Tata-MS China venture to start in July
Tata is moving into China in part to support the local and Asia-based operations of many of its customers.india Updated: Jun 15, 2006 12:10 IST
Tata Consultancy Services expects its China outsourcing venture with Microsoft Corp to start in July and help it win government deals, boosting revenue as it steps up a global acquisitions hunt.
The Indian firm, which has secured a number of major contracts and deals over the past year -- including one worth more than $800 million in revenue over 12 years with British insurer Pearl Group -- plans to quicken its pace of acquisitions.
"Deals are always in the works," Tata Chief Executive S Ramadorai told reporters after a presentation to Hong Kong businessmen. "What we do in the UK with the Pearl Group, those are something which we will certainly accelerate."
Tata is moving into China in part to support the local and Asia-based operations of many of its customers, including the likes of Motorola Inc and General Electric Co, as well as Chinese-speaking customers in Taiwan and Hong Kong.
Its rapid expansion comes amid a build-up by most of the world's major offshore designers, including Indian rival Infosys Technologies Ltd, which has its main shop in Shanghai.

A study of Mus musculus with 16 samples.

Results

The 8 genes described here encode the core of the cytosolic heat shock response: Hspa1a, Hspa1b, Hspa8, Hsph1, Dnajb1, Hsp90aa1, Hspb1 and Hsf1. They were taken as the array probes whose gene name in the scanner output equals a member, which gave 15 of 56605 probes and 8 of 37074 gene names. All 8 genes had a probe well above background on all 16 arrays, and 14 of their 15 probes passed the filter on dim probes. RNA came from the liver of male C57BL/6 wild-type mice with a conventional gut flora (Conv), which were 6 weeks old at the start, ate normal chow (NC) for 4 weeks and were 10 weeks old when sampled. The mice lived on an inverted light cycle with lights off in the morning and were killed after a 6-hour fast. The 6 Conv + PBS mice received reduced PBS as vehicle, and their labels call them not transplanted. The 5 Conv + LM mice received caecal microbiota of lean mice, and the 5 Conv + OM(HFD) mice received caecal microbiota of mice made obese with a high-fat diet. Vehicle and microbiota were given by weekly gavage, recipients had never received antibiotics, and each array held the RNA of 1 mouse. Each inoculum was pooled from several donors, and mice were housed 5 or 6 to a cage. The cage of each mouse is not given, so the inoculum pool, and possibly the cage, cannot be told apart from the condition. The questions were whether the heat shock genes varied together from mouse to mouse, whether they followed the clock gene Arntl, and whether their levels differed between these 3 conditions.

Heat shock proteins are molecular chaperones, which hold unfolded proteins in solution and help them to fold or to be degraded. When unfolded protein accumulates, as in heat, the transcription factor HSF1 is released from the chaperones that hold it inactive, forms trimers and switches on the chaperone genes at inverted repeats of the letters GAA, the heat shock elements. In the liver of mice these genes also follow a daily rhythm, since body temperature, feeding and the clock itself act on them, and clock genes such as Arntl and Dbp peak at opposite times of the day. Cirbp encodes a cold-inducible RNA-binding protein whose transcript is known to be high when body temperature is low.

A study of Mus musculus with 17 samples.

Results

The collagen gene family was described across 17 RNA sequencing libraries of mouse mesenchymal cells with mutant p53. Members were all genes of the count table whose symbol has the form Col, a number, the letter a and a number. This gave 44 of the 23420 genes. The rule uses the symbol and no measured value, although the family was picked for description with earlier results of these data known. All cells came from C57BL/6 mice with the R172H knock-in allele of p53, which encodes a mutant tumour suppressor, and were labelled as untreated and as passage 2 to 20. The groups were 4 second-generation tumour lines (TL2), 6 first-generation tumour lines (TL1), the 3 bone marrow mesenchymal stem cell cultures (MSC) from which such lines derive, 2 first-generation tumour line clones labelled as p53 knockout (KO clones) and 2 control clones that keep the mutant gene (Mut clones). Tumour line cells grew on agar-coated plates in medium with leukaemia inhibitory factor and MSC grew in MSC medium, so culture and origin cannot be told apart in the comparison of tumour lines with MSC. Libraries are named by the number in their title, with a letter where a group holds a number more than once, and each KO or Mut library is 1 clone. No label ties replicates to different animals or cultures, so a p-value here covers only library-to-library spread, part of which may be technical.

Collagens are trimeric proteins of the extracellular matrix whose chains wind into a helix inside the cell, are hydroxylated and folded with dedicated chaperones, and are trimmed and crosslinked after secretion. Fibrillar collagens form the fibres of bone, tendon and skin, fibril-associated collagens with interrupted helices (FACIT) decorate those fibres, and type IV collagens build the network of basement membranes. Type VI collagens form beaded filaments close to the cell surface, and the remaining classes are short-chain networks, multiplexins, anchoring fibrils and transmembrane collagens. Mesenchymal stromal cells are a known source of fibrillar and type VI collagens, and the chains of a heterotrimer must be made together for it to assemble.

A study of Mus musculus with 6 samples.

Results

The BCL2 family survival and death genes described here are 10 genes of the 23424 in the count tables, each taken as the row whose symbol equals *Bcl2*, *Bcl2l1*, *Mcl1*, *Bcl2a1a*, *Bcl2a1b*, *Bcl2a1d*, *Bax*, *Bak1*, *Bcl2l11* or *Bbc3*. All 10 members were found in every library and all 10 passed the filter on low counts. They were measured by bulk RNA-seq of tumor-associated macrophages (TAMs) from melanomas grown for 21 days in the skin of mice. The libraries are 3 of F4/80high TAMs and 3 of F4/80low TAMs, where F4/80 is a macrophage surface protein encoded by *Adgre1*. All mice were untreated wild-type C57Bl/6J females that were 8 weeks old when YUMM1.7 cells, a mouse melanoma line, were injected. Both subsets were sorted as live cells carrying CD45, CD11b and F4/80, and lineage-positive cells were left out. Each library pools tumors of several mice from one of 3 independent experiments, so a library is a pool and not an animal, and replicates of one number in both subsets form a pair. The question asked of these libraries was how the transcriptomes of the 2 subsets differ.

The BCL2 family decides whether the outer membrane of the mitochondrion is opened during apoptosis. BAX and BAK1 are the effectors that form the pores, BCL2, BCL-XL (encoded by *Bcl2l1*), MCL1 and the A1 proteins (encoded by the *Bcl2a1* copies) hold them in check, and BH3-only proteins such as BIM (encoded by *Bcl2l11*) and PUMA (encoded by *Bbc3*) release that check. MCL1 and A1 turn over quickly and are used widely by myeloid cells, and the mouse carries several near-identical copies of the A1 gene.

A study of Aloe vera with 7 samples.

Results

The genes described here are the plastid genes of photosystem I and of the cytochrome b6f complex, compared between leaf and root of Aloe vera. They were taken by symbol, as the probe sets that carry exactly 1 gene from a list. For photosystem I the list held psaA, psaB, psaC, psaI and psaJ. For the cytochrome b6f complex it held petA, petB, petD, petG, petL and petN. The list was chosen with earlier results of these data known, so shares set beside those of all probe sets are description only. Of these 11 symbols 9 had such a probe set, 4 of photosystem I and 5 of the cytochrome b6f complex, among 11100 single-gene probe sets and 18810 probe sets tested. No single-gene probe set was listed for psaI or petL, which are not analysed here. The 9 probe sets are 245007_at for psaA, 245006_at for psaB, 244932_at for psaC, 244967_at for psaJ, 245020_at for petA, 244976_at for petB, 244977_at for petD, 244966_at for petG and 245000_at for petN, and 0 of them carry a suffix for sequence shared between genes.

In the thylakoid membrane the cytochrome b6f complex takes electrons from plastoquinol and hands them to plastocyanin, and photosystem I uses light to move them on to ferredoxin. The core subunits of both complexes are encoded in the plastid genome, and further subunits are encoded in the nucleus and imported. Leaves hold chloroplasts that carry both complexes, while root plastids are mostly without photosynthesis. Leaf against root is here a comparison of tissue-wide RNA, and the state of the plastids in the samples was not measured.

The company has 400-plus staff in Shanghai. It hopes the new joint venture with Microsoft and three Chinese government-owned firms will win more business.
"The Chinese government wants to create a role model for China," said Girija P Pande, who heads up TCS' Asia Pacific operation. He said the company had several deals with the Chinese government in the pipeline but would not elaborate.
It has about 400 software engineers in China and, through the venture, hopes to expand to up to 5,000 employees in the next four to five years.
China's software export market is now worth $1 billion versus India's $12.5 billion, but is growing rapidly as design houses look to diversify from India and serve a growing base of multinational clients with major locally based operations.
Foreign companies like China because of its abundance of software engineers and relatively low labour costs.
Ramadorai said India's outsourcing industry is expected to grow by up to 28 per cent annually, while Tata's revenue has been increasing at an annual rate of more than 40 per cent.
"Our growth might stay at industry growth for sure, or better," he added.